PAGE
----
Coffee with your congressman: Congressman Bruce Westerman addressed current issues last week in Arkadelphia

Story by Easton Cowart Student Reporter


A jovial atmosphere filled the room, along with the smell of free coffee and donuts. Men and women of assorted age and background all shuffled into the room eager to hear the Congressman, and in turn speak their mind to their Representative. 

It was apparent by the conversations among the crowd that this was a mixed bag of viewpoints, but the mood was cordial. People began to mix and share ideas quickly forming small cliques of similar viewpoints, sometimes slightly disagreeing, but only on the friendliest of terms. 

Then, enters the Congressman, wearing a friendly grin, giving out handshakes along with the rest of the pleasantries you would expect from a standard politician. 

A hush falls on the crowd, after a prayer and the pledge of allegiance, the speaking section of this event begins. The short speech is standard political prose, cataloguing all of the advancements the Representative feels Arkansas has made in the recent past ranging from taxes to healthcare. 

“We are seeing a booming economy right now both here in Arkansas, and across the country” said Representative Westerman. The speech is concluded with an urge to encourage senators to open debates on areas of the tax code, followed by an opening for questions. 

“There is tons of things I could talk about, but what I really want to do is talk to you, and see what you have to say” said Westerman. 

From the moment that sentence was spoken, the feeling of the room immediately turned. The transfer and debate of ideas began from the moments questions were asked. 

Not once during the opening speech did the Representative address recent issues of gun violence, or gun control, this left an opening for discussion to be had and questions were rapidly fired from the audience towards the senator about gun control and issues pertaining to it. 

Westerman took the stance of the issue lying among individuals, and society in general rather than weapons much to the dismay of several citizens. “If we think we are going to regulate away our problems, we’re fooling ourselves,” responded Westerman after asked if he supported regulations centered around deadly weapons, background checks and how loaded guns are handled in public setting. 

The back and forth lasted for more than half an hour with both sides audibly hissing and laughing at their opposition, including one of Westerman’s aides himself. To say the least tensions were high. 

The conversation fluctuated to many topics, including welfare, minimum wage, and even the merits of southern heritage, but the dry, nervous atmosphere never left the room (this was not helped by the heat being on during half of the event unnecessarily). The message was clear however that some Arkadelphia citizens, and perhaps many more of Westerman’s constituents want something to be done about mass shootings in America. 

Even some people who generally find themselves on the conservative side of politics, are agreeing that something must change in order to save the lives of Americans, and American children.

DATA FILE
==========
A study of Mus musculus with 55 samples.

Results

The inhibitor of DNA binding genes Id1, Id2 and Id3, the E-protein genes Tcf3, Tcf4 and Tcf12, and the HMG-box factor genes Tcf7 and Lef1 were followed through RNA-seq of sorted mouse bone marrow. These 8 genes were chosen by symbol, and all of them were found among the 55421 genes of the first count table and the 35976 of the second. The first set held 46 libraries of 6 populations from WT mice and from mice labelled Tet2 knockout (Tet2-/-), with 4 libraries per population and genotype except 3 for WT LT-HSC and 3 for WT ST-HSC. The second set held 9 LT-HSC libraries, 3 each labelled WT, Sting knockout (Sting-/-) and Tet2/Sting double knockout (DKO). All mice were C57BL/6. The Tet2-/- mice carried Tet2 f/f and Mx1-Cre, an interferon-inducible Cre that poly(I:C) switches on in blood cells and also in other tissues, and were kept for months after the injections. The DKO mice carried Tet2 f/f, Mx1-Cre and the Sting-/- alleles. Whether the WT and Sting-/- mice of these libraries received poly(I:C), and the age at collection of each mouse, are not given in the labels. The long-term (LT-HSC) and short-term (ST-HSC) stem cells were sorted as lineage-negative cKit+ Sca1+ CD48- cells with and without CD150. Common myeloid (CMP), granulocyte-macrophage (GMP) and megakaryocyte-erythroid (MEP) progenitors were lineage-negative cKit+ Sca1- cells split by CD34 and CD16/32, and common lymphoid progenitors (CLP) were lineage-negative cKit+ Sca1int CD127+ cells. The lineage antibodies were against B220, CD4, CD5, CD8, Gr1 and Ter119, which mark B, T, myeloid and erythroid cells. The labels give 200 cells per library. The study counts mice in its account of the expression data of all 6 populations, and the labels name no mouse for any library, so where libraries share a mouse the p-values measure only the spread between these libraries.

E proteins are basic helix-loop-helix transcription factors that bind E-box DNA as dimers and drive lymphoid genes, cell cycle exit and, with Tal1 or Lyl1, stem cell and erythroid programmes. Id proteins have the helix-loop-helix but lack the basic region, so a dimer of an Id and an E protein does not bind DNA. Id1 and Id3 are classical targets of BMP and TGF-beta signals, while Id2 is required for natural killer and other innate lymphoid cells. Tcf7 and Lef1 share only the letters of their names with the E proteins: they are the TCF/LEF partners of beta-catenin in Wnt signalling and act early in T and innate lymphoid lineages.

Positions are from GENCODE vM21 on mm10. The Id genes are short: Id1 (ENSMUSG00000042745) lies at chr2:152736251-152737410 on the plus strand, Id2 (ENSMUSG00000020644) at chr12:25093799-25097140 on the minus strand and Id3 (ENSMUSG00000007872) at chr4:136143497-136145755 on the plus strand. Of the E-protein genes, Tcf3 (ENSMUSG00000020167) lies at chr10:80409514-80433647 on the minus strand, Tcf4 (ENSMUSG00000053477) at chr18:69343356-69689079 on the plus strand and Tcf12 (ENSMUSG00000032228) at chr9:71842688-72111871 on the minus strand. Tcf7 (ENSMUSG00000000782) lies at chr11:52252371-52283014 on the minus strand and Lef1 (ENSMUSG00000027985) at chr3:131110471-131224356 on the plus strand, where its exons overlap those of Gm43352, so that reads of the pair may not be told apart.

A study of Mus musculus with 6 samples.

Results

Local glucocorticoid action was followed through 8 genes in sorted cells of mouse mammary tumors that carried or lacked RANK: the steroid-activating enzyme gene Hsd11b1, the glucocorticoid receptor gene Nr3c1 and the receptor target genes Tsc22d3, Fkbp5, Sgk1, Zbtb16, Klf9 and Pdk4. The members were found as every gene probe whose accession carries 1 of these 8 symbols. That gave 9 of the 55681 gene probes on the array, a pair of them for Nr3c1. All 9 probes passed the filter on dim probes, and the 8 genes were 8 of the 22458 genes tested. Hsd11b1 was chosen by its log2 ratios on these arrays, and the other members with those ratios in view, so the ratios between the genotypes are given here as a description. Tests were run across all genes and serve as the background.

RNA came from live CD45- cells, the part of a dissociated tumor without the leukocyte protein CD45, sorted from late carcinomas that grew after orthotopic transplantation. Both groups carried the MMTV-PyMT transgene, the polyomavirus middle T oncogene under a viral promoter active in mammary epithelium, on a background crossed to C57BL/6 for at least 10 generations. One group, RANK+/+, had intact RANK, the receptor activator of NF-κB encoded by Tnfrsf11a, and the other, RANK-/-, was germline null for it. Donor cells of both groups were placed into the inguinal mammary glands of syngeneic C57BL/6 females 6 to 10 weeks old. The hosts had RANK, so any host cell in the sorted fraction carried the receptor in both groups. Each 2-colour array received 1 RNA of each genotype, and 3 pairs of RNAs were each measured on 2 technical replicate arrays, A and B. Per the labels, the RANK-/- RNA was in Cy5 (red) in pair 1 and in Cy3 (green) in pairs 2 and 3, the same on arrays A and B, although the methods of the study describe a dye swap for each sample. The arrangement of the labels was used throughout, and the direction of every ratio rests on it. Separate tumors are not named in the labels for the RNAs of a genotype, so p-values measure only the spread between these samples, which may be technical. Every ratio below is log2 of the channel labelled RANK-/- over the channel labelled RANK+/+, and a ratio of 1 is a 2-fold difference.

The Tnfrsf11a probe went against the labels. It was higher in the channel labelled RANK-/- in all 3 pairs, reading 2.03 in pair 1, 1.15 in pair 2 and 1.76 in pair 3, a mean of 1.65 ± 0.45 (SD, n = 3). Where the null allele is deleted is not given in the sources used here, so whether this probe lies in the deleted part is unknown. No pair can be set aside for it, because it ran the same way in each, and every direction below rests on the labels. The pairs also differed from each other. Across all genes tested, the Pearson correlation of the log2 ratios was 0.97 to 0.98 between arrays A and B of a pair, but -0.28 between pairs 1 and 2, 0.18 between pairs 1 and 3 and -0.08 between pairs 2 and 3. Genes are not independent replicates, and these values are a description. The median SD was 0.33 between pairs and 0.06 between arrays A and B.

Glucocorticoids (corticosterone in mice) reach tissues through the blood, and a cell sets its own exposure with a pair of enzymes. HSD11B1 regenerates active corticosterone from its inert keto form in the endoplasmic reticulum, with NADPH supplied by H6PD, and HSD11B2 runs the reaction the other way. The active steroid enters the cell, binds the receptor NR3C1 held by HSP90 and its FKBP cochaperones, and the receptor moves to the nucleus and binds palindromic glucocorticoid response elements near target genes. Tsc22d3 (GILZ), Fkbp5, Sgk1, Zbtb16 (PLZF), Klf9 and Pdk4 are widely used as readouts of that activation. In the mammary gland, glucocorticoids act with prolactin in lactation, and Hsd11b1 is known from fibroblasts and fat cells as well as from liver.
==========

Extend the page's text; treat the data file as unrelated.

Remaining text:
“We’re not talking about banning guns, or taking everyone’s guns away,” said Laura Storm, the local group leader of a national organization called Moms Demand Action, focused on gun issues facing America. “I do think that there are plenty of gun owners that support common sense gun reform.” 

Laura however does not believe that today’s political climate is allowing for opinions like hers to be discussed and considered fairly. “I don’t think we are in an atmosphere politically for compromise.” 

It is true that political pressure is building, what is not clear is if lawmakers are to truly listening to their constituents about issues like these or if they are waiting for the smoke to clear from one mass shooting, until the conversation inevitably leaves the collective conversations of America. 

The conversation however at the moment is still being had 

It seems that both sides of the issue both have drastically different ideas for how the uniquely American problem of mass shootings should be handled. Should we ban all guns, some guns, or no guns? 

Should we arm teachers and students to defend themselves? Is this a mental health problem or a gun problem. It doesn’t seem like we are agreeing on much right now, other than the fact that something must be done this time, not the next time a mass shooting occurs in America. 

“Everybody in this country needs to work together,” said Daniel Middleton a citizen who attended “Coffee With Your Congressman.” “Common sense is a thing of the past.” 

Conversations like the one held in Town Hall Tuesday are important, maybe uncomfortable but important. It is important that we keep talking about issues like these no matter where you find yourself on the political spectrum. 

It is important that we look within ourselves and decide how we genuinely feel about these issues rather than clinging to whatever our political affiliation must say about it. 

Policy makers must realize that this problem hangs heavy on the head of their voters, and action must be taken, and in order for them to realize this we must continue to have conversations like these no matter how uncomfortable, tense or even hostile they become. 

As the saying goes “You can’t make an omelette without breaking some eggs.” Some feelings must be hurt, even if they’re your own. If we challenge every potential solution to the utmost scrutiny, to see what the most effective answer is despite political leanings we may take a step forward in ending these atrocities that plague us seemingly endlessly. 

Think about it. Talk about it. Don’t let this become “just another mass shooting.”